Like much of the world, Sail Training International said it is shocked and saddened by the events currently unfolding in Ukraine and wishes for a swift end to hostilities and violence.

In light of these events, STI has been in discussion with the Host Port partners of The Tall Ships Races 2022 to assess the impact upon its organisation, relating to fleet participation and port access in particular.

Following these discussions, the Host Ports of The Tall Ships Races 2022 and Sail Training International decided that, as the current situation stands, Russian ships will not be permitted to enter the event.

STI stated: ‘It is with deep regret we have come to this conclusion and will continue to review the situation as it develops.’

Although there were only likely to be two Russian entries this year – the replica Shtandart and the full rigged Mir –  Russian tall ships have always been a big draw at these events, with Sedov and Kruzenshtern, the biggest sail training vessels afloat, being regular participants.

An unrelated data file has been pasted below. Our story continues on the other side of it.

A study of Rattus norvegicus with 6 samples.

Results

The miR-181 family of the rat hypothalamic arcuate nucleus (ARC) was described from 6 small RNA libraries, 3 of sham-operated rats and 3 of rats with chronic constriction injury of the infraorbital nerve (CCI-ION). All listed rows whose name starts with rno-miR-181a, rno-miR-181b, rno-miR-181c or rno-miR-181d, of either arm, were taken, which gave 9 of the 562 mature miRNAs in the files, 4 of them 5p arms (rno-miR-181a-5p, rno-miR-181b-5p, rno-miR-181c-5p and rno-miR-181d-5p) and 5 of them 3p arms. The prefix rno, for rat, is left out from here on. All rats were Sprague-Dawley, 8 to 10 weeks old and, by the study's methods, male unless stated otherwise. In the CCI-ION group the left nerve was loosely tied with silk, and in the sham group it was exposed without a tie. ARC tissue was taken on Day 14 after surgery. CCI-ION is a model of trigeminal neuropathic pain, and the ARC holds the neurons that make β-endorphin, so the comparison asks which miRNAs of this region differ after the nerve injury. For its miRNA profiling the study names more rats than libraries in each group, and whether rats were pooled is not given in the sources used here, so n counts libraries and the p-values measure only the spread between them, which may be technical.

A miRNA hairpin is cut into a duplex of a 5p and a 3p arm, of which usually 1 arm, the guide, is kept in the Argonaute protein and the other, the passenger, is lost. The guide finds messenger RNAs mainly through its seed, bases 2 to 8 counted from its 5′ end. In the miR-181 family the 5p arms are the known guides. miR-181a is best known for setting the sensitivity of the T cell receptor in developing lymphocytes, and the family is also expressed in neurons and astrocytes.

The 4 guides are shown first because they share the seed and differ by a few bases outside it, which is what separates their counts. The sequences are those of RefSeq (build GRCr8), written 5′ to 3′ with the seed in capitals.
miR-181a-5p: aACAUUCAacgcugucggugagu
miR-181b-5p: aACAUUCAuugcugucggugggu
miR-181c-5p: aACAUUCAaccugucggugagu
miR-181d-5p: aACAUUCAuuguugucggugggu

Ukraine had two tall ships: Khersones, which was based in the Crimea and is now under a Russian ensign, and her sistership Druzhba, which has not been active at all in the 21st century and is reckoned to be in poor condition. She is in Odessa port, one of the target ports for the Russian invasion.

The international aspect of the tall ships races is seen as important in fostering mutual respect and understanding between nations and Russian tall ships have competed since the mid 1970s which was during the Soviet era.

Photo and report by Max Mudie

SubscribeSubscribe
Six issues for £18

Subscribe to Ships Monthly magazine and receive your first 6 issues for just £18!